Great Works: The Death of Sardanapalus (1827), Eugène Delacroix

Louvre, Paris

Earthquakes feel like the end of the world. Everything loses their differences. Whatever stood, now falls. The ground opens up and turns over. The distinctions between what moves and what doesn't move are no longer there. Some pictures show things like that.

But in Renaissance views, there can be another world. Everyone is safe, rigid, disciplined. Roads, buildings, doors, walls, towers: these things are squared and ruled. Straight lines and flat surfaces run upright or on level pavements. And the essential point is not simply the clarity of these things. It is the difference between a place and what inhabits this place.

For example, imagine a city and its people. Sometimes there is a very populous scene, but still a sharp division exists between the fixtures and the figures. Or the other hand, sometimes there can be a totally empty space, a townscape deserted – but still there's separation between the place and the implied figures who occupy it. But then, turn to Baroque or Romantic pictures. Worlds have now shifted, and sometimes radically.

There is Eugène Delacroix's The Death of Sardanapalus. It has a story, if you care. Sardanapalus is the last king of Assyria. He has failed in battle. He is about to die. He broods among his intended victims. Around him, his naked slaves are being murdered, and his possessions are being destroyed. At last, his court will be burned. But nobody really cares what this picture is about, beyond a generic scene of Oriental Despotism.

The spectacle is all. The king relishes his sights. In the same way, the painting encourages us to enjoy this scene. This vast canvas is full of beautiful chaos. There is flesh and rich fabric and gorgeous colour. There is turbulence and cruelty – and opulence, ruin, decadence, slaughter, luxury, despair, violation, helplessness, sacrifice, the whole business. The massacre is coming to its finale. One after another, the deeds are falling down.

Meanwhile, the stage itself has lost its limits. Its surroundings are nothing but a total scattering. Its activities exist in an earthquake scenario. The great divan, with its golden elephants, spreads outwards into the crazy pageant. And at the same time, more dense stuff and violence enters from the outside, breaking inward through the edges of the picture. One force is centrifugal. Another force is centripetal. But there is no sustaining structure.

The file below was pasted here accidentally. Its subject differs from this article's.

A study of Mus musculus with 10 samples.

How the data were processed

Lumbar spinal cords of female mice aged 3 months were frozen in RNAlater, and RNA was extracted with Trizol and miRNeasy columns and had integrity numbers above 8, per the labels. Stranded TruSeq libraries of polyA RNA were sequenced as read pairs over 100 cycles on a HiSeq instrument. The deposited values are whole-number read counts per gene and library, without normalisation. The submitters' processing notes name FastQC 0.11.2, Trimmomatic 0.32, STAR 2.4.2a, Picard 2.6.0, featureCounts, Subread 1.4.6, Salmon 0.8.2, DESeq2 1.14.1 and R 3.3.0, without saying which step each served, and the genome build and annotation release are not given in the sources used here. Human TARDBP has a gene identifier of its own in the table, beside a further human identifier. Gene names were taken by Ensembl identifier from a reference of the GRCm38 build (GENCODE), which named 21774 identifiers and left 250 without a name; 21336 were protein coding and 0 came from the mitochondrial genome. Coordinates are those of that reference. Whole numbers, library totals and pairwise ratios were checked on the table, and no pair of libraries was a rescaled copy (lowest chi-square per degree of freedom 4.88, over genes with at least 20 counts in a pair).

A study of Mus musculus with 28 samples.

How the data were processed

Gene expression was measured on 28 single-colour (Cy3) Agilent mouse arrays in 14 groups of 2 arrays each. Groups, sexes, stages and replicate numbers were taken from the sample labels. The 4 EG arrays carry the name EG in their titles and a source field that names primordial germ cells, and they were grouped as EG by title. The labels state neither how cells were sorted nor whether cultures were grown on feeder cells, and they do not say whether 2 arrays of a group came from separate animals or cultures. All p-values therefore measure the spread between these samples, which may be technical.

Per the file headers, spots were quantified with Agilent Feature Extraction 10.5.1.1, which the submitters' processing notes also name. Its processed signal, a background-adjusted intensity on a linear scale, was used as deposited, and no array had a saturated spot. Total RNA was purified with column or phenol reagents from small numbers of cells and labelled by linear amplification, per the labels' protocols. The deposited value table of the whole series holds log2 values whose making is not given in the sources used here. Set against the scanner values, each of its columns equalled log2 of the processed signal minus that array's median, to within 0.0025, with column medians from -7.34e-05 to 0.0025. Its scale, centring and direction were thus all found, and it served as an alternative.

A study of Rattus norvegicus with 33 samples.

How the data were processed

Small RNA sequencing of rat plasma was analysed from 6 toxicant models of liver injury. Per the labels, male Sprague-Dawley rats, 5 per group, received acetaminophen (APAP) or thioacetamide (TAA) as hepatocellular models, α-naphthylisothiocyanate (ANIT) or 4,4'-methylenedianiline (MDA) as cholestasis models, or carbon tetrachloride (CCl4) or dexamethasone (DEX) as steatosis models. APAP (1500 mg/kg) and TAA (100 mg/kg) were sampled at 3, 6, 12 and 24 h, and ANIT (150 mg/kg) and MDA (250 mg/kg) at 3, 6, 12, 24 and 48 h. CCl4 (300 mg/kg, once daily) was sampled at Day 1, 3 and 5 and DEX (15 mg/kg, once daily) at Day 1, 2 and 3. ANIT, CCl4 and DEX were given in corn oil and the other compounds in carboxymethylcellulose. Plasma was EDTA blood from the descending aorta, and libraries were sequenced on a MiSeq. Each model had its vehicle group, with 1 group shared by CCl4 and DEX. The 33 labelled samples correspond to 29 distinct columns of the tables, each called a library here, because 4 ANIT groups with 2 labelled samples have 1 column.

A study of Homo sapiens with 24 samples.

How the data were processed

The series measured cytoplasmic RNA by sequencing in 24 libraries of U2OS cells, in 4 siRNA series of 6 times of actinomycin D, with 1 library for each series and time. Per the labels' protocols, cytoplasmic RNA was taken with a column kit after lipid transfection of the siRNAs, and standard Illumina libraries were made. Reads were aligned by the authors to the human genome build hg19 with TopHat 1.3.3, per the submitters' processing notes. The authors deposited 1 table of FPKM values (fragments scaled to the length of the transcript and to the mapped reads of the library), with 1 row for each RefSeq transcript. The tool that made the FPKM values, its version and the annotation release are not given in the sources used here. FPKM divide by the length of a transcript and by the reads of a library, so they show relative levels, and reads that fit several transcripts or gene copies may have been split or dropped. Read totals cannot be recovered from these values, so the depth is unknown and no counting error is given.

We see the scene is constructed only out of bodies, furnishings and smoke. Where is this horse based, with its plunging hooves? You can't tell. Where do all the legs and cushions lie? They pile up and pile up with no visible foundation. And the whole stage simply drops down below the front. There's nothing more to define or support these elements. There is no ground. There are no bounds. The scene lacks a floor, a wall, a visible level surface, a permanent stay. It has no grip and no hold.

Here everything floats, flows, floods, in flux. Delacroix whips up a wild romp. The whole scene is like a rolling, riding bed. Or like a sea, tossing and turning, surging and lapping, cast on a tide. Or like a sliding earth slip – or even a bouncy castle. It's an unsolid, unsteady, unstable creation. There's no distinction here between the fixed space and its occupants. It is the opposite of a Renaissance location. This scene has lost all definition between a room and bodies. Space has gone haywire. The world dissolves and tumbles.

So it's a world where disorientation has both a spatial and a moral dimension. Nothing and nobody cares about up or down – or right or wrong. There is no difference between killing and being killed, no difference between calm and ecstasy, no difference between animate and inanimate. All the same, these disasters are not too fatal. A universal catastrophe takes the weight out of mere human terrors. It lightens them. Humanity and the world fall together. This busy doom is almost welcoming.


Eugène Delacroix (1798-1863) was a wild Romantic – and a calculating artist. He revelled in fantasy, indolence, fanaticism, savagery. His 'Liberty Leading the People' is the great revolutionary icon. His famous 'Journal' is full of tips. "Nature is a dictionary," he said, "one draws words from it."